Before the year’s out it is notable of just how discretely all the centenaries of this year – so much looked forward to as a numinous year within Republicanism, and revered within unionism – were ‘celebrated’.
It falls to that perennially awkward soul Denis Kennedy to ask some usefully difficult questions about the southern celebrations of the Easter Rising…
Here’s two worth noting…
Should, 100 years on, a modern parliamentary democracy, committed to the rule of law and peaceful settlement of all disputes, celebrate as the seminal event in its history an armed insurrection by a small minority with no mandate?
Should a state with a long history of sporadic armed challenge to its authority be celebrating such an event? Should it do so when there are still organisations and individuals who believe their political aspirations are such that they entitle them to kill and destroy in pursuit of them?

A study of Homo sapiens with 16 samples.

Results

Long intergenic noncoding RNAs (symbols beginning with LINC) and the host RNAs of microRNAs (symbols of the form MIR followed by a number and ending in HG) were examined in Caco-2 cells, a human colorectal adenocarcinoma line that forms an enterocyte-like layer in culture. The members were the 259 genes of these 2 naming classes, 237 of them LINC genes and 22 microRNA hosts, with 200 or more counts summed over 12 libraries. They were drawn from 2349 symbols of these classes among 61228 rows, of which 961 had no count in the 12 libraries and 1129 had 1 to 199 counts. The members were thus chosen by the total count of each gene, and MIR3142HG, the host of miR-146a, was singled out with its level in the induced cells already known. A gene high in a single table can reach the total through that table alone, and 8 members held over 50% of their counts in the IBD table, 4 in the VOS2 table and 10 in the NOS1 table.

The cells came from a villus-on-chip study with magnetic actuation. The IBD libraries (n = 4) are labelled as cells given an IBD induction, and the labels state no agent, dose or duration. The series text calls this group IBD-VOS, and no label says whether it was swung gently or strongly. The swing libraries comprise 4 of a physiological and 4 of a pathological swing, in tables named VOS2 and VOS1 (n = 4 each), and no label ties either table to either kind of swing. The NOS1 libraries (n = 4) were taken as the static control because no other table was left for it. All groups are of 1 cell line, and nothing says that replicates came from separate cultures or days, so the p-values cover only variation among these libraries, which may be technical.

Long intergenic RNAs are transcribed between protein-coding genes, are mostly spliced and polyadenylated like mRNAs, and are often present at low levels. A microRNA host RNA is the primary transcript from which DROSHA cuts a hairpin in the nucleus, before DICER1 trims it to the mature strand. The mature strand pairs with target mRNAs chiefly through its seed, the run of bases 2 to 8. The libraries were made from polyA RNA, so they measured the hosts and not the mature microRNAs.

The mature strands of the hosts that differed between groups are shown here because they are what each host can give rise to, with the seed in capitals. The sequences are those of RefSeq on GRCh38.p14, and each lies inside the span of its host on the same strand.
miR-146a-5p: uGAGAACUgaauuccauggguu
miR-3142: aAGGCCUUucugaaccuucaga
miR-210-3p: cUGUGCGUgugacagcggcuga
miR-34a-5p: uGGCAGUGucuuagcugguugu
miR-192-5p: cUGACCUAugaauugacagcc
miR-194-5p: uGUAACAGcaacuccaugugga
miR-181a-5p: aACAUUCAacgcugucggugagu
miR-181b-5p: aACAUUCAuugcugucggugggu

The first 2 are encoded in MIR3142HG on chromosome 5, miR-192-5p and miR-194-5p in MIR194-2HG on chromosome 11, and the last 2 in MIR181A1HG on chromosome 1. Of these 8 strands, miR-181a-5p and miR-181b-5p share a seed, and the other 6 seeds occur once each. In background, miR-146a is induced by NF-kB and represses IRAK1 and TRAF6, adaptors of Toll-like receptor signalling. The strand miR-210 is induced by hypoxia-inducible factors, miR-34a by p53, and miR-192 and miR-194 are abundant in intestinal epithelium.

Kennedy himself gives provides something of an answer to his own far from purely rhetorical question…
The Rising ensured independence was secured by violent struggle, in which most of those killed were Irish. That violent legacy was evidenced even more tragically in the fratricidal Civil War, when once again the ideologues believed the virtue of their ideals counted for more than the will of the majority. The long shadow of the gunmen of 1916 has helped inspire IRA campaigns in practically every decade since 1922, and still does so today.
The Rising, it could be argued, was a catalyst to partition, in that it did not deliver an independent united island. Partition was on the agenda before 1916, but the insurrection made it inevitable. It was the men of 1916, five years on in the treaty negotiations, who maximised their demands for a degree of independence that ensured that partition would be both a physical border and a greater border between minds.
Much is written of the failure of post-independence politicians to live up to the ideals of the men of 1916, but those politicians were themselves “men of 1916”. Some were veterans of the event, almost all, in both major parties, claimed its mantle. They still do. Now Sinn Féin is again a major party, with, in many ways, a stronger claim to that mantle.
The centenary is surely a time for reflection, not celebration.